US Citizens Can Now Sue Saudi Arabia. US Congress Overrides Obama’s Veto

US Citizens Can Now
Sue Saudi Arabia. US Congress Overrides Obama’s VetoUS Senate Majority Leader Mitch McConnell speaks during a news briefing. Photo credit: Alex Wong/GettyImages      

The US Congress on Wednesday, with an overwhelming majority, overturned President Barack Obama’s veto of a legislation that would allow families of those killed in the September 11, 2001, terrorist attacks to sue Saudi Arabia for any role in the plot, the first successful override vote of his presidency.

The measure would amend a 1976 law that granted other countries broad immunity from American lawsuits, allowing nations to be sued in federal court if they are found to have played any role in terrorist attacks that killed Americans on the US soil.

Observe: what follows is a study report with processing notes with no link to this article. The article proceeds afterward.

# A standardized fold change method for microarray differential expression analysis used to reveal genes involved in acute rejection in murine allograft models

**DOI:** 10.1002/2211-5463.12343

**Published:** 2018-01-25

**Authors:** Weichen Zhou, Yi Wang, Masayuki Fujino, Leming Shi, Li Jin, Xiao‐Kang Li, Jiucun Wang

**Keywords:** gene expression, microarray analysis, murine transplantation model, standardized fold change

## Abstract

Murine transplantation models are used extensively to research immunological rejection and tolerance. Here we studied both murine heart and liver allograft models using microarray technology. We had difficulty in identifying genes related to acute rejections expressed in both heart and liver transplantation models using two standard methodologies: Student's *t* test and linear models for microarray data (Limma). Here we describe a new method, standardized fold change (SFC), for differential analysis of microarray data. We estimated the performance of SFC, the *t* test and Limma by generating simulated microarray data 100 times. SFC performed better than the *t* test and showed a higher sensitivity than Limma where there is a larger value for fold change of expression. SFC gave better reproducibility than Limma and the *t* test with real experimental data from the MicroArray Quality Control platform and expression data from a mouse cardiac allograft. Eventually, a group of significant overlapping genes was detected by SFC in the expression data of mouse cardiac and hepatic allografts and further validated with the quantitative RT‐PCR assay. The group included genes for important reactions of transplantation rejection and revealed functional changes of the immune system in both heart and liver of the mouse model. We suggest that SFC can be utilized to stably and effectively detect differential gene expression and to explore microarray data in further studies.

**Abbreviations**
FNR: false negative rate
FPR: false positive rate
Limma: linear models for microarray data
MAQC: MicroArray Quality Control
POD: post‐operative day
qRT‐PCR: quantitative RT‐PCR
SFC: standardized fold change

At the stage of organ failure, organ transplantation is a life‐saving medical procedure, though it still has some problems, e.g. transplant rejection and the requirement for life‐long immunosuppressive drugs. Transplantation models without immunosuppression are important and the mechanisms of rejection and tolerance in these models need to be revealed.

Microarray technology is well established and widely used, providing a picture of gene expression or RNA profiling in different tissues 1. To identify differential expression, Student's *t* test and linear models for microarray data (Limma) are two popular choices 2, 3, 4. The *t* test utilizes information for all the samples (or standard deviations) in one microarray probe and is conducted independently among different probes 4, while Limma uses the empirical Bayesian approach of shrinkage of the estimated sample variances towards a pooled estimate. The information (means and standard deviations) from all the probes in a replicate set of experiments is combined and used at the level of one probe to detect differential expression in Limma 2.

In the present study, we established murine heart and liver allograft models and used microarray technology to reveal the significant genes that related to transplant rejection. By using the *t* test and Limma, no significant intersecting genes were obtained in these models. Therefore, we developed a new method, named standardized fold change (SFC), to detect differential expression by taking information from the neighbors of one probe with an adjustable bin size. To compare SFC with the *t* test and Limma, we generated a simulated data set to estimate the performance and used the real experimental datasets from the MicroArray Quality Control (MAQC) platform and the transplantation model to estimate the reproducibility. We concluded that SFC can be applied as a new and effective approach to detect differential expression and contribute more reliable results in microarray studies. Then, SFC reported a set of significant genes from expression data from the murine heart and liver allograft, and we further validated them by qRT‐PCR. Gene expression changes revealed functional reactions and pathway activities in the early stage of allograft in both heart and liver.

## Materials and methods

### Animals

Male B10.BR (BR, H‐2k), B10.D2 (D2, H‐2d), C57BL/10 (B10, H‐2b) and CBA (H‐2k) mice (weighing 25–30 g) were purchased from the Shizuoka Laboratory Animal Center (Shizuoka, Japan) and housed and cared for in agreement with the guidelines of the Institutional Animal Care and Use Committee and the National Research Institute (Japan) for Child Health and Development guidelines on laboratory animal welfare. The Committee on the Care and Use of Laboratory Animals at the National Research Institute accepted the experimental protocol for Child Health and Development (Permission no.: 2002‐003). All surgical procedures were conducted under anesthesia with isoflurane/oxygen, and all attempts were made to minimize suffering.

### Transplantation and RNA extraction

Since 15 of the 19 terrorists involved in the 9/11 attacks were from Saudi Arabia, many lobbying and coordinating organisations of victims have been seeking to sue the Wahabbi state. Saudi, for its part, has been vigorously lobbying against the bill. While a direct role of Saudi government in the conspiracy can be ruled out, there has been enough evidence against members of the royal family, intelligence officers and others inside the Saudi establishment.

The 9/11 enquiry report had originally held back more than 25 pages, which dealt with the links the attackers had with Saudi insiders. But these details are now out in the open after 13 years. You can read more about the pages which were not in the public domain, here.

The US government, however, is keen on keeping the limelight away from Wahabbi elements and Islamist sponsors inside the Saudi establishment. They see their long-term interest aligned with the current Saudi elite and are willing to go the extra mile to protect them. Besides, there is also the major issue of international law.

The bill, according to this New York Times article, "violates a core principle of international law... A nation’s immunity from lawsuits in the courts of another nation is a fundamental tenet of international law. This tenet is based on the idea that equal sovereigns should not use their courts to sit in judgment of one another."